Mental Health Care
Our city, and our nation, are in the midst of a mental health crisis. As we head into a fourth year of COVID-19, people are depressed and anxious. It’s estimated that 10% of American youth are experiencing depression so severe that it affects their ability to function. The vast majority of people with substance use disorders have no access to treatment. It is absolutely vital to get more help to people who are suffering. But the need isn’t simply for more care – we also need better mental health care. Our first step will be to reach out to Cook County, to find ways we can build and expand on Cook County Health’s mental health infrastructure and resources. Working together, we can provide good, accessible care while saving taxpayer money.
We must also implement the “Treatment Not Trauma” approach across our city, deploying mental health professionals rather than armed police officers to respond to mental health calls. Such an approach has been shown not only to resolve such crises with dramatically lower incidence of violence than the traditional approach, but using non-police in such situations actually saves taxpayer money.
When we discuss the costs of doing something, we also need to consider the costs of not doing anything – or just continuing doing the same old thing. Affordable mental health care is still a cost, but it doesn’t cost as much as not providing affordable mental health care, as the rising rates of crime, homelessness, social anomie and civic distress have shown in recent years. A strong public system of care keeps us all safer, keeps our city more livable, and reduces the costs of other services. In short, investing in averting problems costs less than paying to remediate them afterwards; smarter policies turn out to be the cheaper policies in the long-run.
Lead pipes connect more Chicago homes to water mains than in any other U.S. city – nearly 80% of Chicago residents are potentially exposed to brain-damaging metal in their water. President Biden’s infrastructure program has made billions of dollars available for cities like Chicago to begin lead-pipe replacement. This isn’t a matter of “competing interests for government dollars” – these are funds available specifically for this purpose.
What we need to do is to look for how we can get the job done more efficiently and effectively, to stretch the dollars we do access as far as possible. Chicago is projecting costs five times the national average for replacing its lead pipes. Why aren’t we instead looking to what other cities, such as Denver and Detroit, have done to lower the per-unit costs of replacement? This includes such common-sense steps as replacing lead lines at the same time that we’re digging up and replacing the connected water mains.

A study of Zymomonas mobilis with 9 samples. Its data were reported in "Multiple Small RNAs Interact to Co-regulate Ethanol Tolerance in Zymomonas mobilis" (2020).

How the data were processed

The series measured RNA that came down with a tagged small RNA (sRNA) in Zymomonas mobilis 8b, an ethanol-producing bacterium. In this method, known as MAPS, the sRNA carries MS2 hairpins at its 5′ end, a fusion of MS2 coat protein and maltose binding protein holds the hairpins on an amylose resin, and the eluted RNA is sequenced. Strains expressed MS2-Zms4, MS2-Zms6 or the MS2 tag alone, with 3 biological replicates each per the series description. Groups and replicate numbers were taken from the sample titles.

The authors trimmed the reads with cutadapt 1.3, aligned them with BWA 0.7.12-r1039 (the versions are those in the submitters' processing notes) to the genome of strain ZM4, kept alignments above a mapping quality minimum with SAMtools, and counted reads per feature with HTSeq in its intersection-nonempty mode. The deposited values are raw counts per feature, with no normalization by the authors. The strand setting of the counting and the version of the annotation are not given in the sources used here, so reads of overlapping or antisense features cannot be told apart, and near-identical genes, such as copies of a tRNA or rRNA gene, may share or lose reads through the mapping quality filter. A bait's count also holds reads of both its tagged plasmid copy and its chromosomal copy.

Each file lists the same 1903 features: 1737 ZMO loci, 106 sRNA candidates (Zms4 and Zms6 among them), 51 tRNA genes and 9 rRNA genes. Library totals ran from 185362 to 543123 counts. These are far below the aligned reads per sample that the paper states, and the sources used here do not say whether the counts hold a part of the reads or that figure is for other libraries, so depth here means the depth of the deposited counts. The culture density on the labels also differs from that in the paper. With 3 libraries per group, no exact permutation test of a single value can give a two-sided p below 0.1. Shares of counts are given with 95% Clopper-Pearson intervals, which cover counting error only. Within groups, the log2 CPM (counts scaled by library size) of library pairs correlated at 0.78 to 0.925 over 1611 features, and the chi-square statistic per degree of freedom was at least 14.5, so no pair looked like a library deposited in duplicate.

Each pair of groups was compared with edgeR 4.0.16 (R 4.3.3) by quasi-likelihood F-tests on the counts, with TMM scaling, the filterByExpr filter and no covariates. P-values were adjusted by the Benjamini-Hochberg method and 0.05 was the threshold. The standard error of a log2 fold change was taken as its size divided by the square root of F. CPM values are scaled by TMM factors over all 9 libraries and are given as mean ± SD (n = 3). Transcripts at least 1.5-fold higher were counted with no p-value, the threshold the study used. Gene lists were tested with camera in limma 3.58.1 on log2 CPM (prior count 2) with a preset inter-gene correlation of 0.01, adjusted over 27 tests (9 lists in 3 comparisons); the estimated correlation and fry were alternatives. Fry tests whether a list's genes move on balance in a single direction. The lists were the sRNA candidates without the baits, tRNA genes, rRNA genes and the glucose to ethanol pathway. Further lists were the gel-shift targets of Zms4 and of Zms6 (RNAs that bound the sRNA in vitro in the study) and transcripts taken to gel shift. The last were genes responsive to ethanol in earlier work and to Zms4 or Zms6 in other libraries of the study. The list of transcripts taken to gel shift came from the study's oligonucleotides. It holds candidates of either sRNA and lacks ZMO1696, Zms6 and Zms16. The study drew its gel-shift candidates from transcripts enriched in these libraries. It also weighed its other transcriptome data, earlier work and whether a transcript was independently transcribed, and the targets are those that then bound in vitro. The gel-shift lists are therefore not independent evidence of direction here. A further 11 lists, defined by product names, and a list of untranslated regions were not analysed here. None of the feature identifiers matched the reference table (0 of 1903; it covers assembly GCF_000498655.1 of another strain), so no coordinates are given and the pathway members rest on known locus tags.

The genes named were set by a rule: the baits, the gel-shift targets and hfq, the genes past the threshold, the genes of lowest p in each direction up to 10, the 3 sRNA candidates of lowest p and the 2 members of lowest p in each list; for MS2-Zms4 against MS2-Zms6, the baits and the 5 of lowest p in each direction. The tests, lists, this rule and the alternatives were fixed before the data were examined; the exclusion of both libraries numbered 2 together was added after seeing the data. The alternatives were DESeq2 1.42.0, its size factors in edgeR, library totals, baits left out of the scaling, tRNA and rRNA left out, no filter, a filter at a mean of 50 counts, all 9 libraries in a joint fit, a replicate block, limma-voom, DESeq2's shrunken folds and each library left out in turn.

Food Apartheid, Medical Care & Disparities
Much like citywide lead line replacement, the issue of food apartheid provides a good example of both the kinds of steps we can take to tackle inequality that leads to disparate health outcomes for working families AND and the fact that taking intelligent action to improve equity and invest in all people’s health costs less and increases productivity in the long run. That’s why Brandon will expand frontline workers in the Chicago Department of Public Health and create a public fund to make home care a more accessible public service. He also will expand mental health services, as discussed in the answer to the first question.
In addition, his fiscal plan for the city includes working with labor unions on comprehensive reform of the city employees’ health care plan to lower cost and improve quality. These reforms can be marketed to neighboring municipalities, which can be expanded to employers and other plans, injecting more price competition into the market and making more widely available options like tele-medicine, and neighborhood and on-site work clinics.
Brandon also intends to expand guaranteed income programs to reach more Chicago families, which will help more families afford the care they need. Finally, one of the biggest impediments to families getting ahead is the burden of medical debt; at the county level, where he serves as a commissioner, Cook County has become one of the leading jurisdictions in the country paying off residents’ medical debt. Brandon will bring this effort to city government, as well.
Health care relates to all the other challenges we face. This is something Brandon Johnson understands from his own life experience. As a classroom teacher, he worked closely with children who were experiencing hunger, chronic illness and health crises. Growing up, he often waited in long lines at Cook County Hospital for treatment for asthma. As mayor, he will work to ensure we have accessible and affordable health care available to all, throughout our city.